Extra Points in Israeli Organ Donation System for Signing a Donor Card
Posted Apr 10 2012 12:00am
I started off my career in pathology as a blood banker. I have therefore been acutely aware over the years of messages from the Red Cross at various times of the year indicating that a critical blood shortage is imminent. To the best of my knowledge, the process for persuading citizens to donate blood has changed little during this time. Has it not occurred to the blood collecting agencies like the Red Cross to try something new for donor recruitment? This same logic applies to the collection of human organs for transplantation. That's why a blog note about a new approach to organ donation in Israel by economist Alex Tabarrok caught my eye (see: No-give, No-take in Israel ). Below is an excerpt from it:
In Entrepreneurial Economics I argued for a “no give, no take” system for organ donation–people who signed their organ donor cards would be given priority over non-signers should they one day need an organ. The idea has an element of justice to it but the primary goal is to increase the incentive to sign one’s organ donor card.Israel recently adopted this policy by giving extra points on the allocation system to people who previously signed the organ donor card. In the case of kidneys, for example, two points (on a 0-18 point scale) are given if the candidate had three or more years previous to being listed signed their organ card. One point is given if a first-degree relative had signed and 3.5 points if a first-degree relative had previously donated.It’s early but so far the policy appears to be very successful:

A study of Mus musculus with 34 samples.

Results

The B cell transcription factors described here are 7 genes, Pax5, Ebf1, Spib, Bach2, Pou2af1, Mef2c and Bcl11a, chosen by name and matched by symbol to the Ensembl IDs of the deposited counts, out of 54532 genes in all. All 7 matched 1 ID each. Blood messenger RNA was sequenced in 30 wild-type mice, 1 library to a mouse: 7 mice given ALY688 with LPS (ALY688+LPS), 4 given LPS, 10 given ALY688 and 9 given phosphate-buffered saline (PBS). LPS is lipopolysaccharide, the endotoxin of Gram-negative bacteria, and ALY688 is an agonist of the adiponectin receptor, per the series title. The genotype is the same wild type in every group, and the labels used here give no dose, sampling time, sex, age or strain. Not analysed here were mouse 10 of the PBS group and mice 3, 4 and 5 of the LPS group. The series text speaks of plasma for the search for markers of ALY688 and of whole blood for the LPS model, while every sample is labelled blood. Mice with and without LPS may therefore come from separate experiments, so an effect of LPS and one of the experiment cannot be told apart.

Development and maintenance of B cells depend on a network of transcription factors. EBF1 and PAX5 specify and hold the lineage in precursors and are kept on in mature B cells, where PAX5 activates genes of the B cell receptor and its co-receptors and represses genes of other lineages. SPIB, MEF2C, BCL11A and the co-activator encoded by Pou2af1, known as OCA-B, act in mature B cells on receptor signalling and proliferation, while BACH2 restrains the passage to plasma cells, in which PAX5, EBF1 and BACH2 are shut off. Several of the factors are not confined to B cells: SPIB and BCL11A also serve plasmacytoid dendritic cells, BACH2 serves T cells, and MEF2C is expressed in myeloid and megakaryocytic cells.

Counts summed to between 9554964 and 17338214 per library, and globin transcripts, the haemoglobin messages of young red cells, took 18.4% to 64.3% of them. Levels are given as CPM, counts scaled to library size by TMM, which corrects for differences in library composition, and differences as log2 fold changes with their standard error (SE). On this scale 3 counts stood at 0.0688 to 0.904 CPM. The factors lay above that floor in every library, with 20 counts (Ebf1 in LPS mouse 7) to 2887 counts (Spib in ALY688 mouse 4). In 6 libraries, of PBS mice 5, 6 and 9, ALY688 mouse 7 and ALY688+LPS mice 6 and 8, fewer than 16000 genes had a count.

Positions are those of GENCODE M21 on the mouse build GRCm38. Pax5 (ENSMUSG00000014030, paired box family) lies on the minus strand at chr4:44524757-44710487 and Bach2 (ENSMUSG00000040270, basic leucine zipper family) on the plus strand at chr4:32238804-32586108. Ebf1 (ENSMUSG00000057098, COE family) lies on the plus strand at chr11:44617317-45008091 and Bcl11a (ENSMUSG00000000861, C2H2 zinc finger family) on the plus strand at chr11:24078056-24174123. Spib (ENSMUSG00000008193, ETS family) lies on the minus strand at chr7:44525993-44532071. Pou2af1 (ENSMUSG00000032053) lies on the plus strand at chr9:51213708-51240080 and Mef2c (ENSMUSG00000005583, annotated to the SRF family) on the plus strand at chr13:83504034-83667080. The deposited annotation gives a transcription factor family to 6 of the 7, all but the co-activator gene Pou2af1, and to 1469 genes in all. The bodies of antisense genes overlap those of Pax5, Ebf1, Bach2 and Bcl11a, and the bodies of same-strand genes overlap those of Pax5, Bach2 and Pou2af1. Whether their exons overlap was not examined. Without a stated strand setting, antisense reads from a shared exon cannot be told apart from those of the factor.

Due to the population’s surge of interest in obtaining an organ donor card, the Adi-National Israel Transplant Center has extended through March 31 the deadline to register as a donor and receive special benefits.
During the past few weeks, Adi’s phone system has collapsed several times due to the high demand.
Since Adi decided to give preferential treatment to those registering as a potential organ donor, tens of thousands of people have registered, raising the number of potential donors to over 600,000.
Until last year, the rate of registration was among the lowest in the Western world.
This seems like a relatively simple scheme to increase the number of organ donation cards in Israel. Similar to the process in this country and when you need a kidney transplant, you are assigned a priority score on the basis of a points system. Under the Israeli donor incentive system, you receive bonus points if you or your first-degree relatives have signed organ donor cards or actually donated organs. Although unstated, I am sure that such priority scores take into consideration other issues such as severity of disease.
What could possibly be wrong with this system? Well, for one, I think that there are a number of people who would argue that the receipt of an organ should be based solely on medical need and unconnected in any way to one's altruistic instincts. However, I find myself enthusiastic about the Israeli system. The card-signing points give the individual a small edge in exchange for increasing the organ supply. In other words, it grafts a little bit of self-interest onto altruism. And, to return to my original point of criticism of the Red Cross, it's novel and represents a shift in thinking about processes that may not be working well.